AMC recently announced the end of it’s flagship series, the long running adaptation of Robert Kirkman’s The Walking Dead series, with the eleventh season. To continue the show’s legacy, the network is expanding on the popular universe, with current spinoff Fear the Walking Dead renewed for a sixth season and multiple projects in the pipeline. A spinoff with Carol (Melissa McBride) and Daryl (Norman Reedus) and writer Angela Kang does sound promising, along with an anthology series titled Tales of the Walking Dead.

Bridging the divide between these newer shows however is The Walking Dead: World Beyond, a limited series premiering on Amazon Prime Video. Bizarrely aimed primarily at YA audiences, could this new show signal AMC scraping the bottom of a zombie shaped barrel? Co-created by Scott M. Gimple, with Matt Negrete on board as co-creator and showrunner, The Walking Dead: World Beyond is set ten years after the initial zombie outbreak. Centring on sisters Hope (Alexa Mansour) and Iris (Aliyah Royale) who team up with school mates Silas (Hal Cumpston) and Elton (Nicolas Cantu) to leave the comfort of the Campus Colony and journey into the world beyond, in the hope of finding their father.

Alexa Mansour as Hope, Aliyah Royale as Iris, Hal Cumpston as Silas, Nicolas Cantu as Elton – The Walking Dead: World Beyond Season 1 – Photo Credit: Jojo Whilden/AMC

A decade after the ‘The Night the Sky Fell’, a small, gated community commemorate the memory of those lost on ‘Monument Day’. An alliance between Portland, Omaha and the mysterious Civic Republic Military (CRM) has lead to relative peace; with the next generation attempting to adapt to a “new normal” following the apocalyptic outbreak. Sound familiar? Yes, awkwardly there’s a big parallel to the current global pandemic – with talks of a vaccine being worked on.

The growing tension between the sisters and shady military leader (Julia Ormond) hint that all might not be as it seems – just who are the CRM and what is their agenda? With a connection to Rick Grimes in TWD and Morgan’s group in FTWD, hopefully Gimple will compellingly reveal pieces of the puzzle throughout the series, connecting the dots between the shows.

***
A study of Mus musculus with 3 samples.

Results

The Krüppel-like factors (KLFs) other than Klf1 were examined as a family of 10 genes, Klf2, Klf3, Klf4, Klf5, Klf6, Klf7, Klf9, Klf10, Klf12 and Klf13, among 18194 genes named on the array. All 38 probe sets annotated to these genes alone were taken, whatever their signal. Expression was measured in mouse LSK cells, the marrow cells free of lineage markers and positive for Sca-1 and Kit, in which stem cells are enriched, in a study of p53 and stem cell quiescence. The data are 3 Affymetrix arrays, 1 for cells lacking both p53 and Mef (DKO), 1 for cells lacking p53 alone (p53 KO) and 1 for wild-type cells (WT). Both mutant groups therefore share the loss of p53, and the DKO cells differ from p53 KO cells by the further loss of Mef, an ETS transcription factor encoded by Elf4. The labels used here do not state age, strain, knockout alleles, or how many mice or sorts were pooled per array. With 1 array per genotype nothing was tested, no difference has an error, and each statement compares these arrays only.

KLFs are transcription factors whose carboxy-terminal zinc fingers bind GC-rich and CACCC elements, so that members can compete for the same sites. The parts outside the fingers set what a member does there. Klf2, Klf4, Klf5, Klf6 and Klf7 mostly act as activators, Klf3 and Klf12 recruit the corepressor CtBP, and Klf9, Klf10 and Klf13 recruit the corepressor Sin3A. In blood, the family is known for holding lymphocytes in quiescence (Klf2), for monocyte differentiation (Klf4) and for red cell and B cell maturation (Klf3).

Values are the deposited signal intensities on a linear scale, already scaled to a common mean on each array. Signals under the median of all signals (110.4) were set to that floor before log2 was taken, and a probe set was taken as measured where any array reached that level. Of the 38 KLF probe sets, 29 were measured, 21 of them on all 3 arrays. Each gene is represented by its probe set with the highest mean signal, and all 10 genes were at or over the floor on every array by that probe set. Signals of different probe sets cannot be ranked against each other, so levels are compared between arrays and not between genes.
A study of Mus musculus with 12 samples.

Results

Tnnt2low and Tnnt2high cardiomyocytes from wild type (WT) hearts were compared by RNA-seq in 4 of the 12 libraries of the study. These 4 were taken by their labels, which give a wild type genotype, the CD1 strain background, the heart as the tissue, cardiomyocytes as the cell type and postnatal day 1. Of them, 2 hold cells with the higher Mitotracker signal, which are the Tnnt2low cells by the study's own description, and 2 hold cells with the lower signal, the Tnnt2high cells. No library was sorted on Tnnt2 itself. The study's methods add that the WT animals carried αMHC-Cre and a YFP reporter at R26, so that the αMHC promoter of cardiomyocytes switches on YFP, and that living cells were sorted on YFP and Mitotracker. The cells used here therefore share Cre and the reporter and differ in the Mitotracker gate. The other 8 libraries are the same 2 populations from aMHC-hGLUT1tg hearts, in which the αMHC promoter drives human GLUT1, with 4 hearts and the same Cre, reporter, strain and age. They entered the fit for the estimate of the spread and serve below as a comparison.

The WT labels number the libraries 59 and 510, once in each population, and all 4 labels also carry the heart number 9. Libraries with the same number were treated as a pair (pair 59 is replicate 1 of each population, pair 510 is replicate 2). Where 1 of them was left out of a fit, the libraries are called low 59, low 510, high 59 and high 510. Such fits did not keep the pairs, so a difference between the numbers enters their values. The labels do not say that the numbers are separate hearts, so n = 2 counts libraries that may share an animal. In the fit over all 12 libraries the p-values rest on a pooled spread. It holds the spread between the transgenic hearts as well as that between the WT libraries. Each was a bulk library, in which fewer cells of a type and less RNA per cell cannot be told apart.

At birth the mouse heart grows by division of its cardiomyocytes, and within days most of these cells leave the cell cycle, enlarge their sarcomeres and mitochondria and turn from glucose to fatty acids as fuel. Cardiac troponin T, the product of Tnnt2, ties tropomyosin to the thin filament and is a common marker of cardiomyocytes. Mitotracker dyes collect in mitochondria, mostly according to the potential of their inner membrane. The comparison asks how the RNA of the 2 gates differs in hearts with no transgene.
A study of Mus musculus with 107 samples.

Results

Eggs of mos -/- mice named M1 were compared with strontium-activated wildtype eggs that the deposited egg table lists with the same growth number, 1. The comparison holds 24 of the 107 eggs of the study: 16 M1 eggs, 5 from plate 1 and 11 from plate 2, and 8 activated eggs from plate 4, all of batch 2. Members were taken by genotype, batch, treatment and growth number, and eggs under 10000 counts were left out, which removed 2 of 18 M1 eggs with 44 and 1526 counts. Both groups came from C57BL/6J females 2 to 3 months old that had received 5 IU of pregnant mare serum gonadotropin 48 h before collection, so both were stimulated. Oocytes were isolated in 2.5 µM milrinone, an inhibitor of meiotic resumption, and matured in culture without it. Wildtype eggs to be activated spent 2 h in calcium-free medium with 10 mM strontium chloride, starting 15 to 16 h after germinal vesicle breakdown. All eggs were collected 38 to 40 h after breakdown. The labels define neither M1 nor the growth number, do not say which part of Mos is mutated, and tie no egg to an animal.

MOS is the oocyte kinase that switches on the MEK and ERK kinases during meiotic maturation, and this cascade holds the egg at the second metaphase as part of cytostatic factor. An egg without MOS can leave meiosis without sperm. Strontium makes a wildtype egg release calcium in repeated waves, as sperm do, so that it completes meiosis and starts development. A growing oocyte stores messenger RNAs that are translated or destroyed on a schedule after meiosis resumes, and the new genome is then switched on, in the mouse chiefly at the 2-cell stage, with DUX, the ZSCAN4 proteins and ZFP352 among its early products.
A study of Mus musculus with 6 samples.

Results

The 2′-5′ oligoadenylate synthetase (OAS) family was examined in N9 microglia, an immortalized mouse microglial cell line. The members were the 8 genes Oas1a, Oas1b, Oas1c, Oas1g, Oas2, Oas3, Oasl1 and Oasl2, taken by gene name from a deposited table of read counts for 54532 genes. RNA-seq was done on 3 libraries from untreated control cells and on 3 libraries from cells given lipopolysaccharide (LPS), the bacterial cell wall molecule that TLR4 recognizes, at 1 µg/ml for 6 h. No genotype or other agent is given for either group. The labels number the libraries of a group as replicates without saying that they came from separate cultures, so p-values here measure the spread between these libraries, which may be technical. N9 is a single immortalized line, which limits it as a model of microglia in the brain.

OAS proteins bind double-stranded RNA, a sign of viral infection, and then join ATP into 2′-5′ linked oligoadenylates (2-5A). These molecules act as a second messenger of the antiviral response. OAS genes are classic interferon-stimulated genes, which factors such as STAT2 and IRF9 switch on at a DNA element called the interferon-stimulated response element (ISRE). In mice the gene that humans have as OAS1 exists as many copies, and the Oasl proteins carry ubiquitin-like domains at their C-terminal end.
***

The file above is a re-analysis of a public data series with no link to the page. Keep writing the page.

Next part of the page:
Intriguing CRM narrative and world building aside, there’s unfortunately not all that much newly added for the show yet. Feeling like a bit of a missed opportunity to really push or expand upon the genre, there isn’t anything we haven’t seen before in the first two episodes screened to press. Targeting the younger audience, there is a distinct lack of gore and horror that will disappoint hardcore TWD fans, along with an extra layer of drama and emotion. As the group finally embark on their road trip, the inexperienced youngsters recklessly and awkwardly attempt to dispatch “empties”, in a scene I feel like we’ve seen a million times. It’s all just a little too familiar.

Delving into the shared psychological trauma of the young generation, particularly throughout a number of flashbacks, the series focuses predominantly on how they’re coming to terms with moving on from outbreak. While it takes a while for the young cast to gel, particular standouts include Nico Tortorella as head of security Felix and Julia Ormond as the tough cookie CRM commander. As expected, the production values are consistently high, with impressive practical effects and prosthetics bringing the empties to life. Added details like moss on the walkers effectively highlight the time jump from the flagship series.


With the tease of a potentially captivating exploration of the Civic Republic Military, The Walking Dead: The World Beyond could make for a fascinating watch. But with the heavy YA angle, the show has shown more bark than bite so far. With a two season order, hopefully Gimple and Negrete can breathe new life into the franchise, as the flagship series concludes.


The Walking Dead: World Beyond premieres Sunday, October 4 on AMC in the US and Amazon Prime Video in the UK.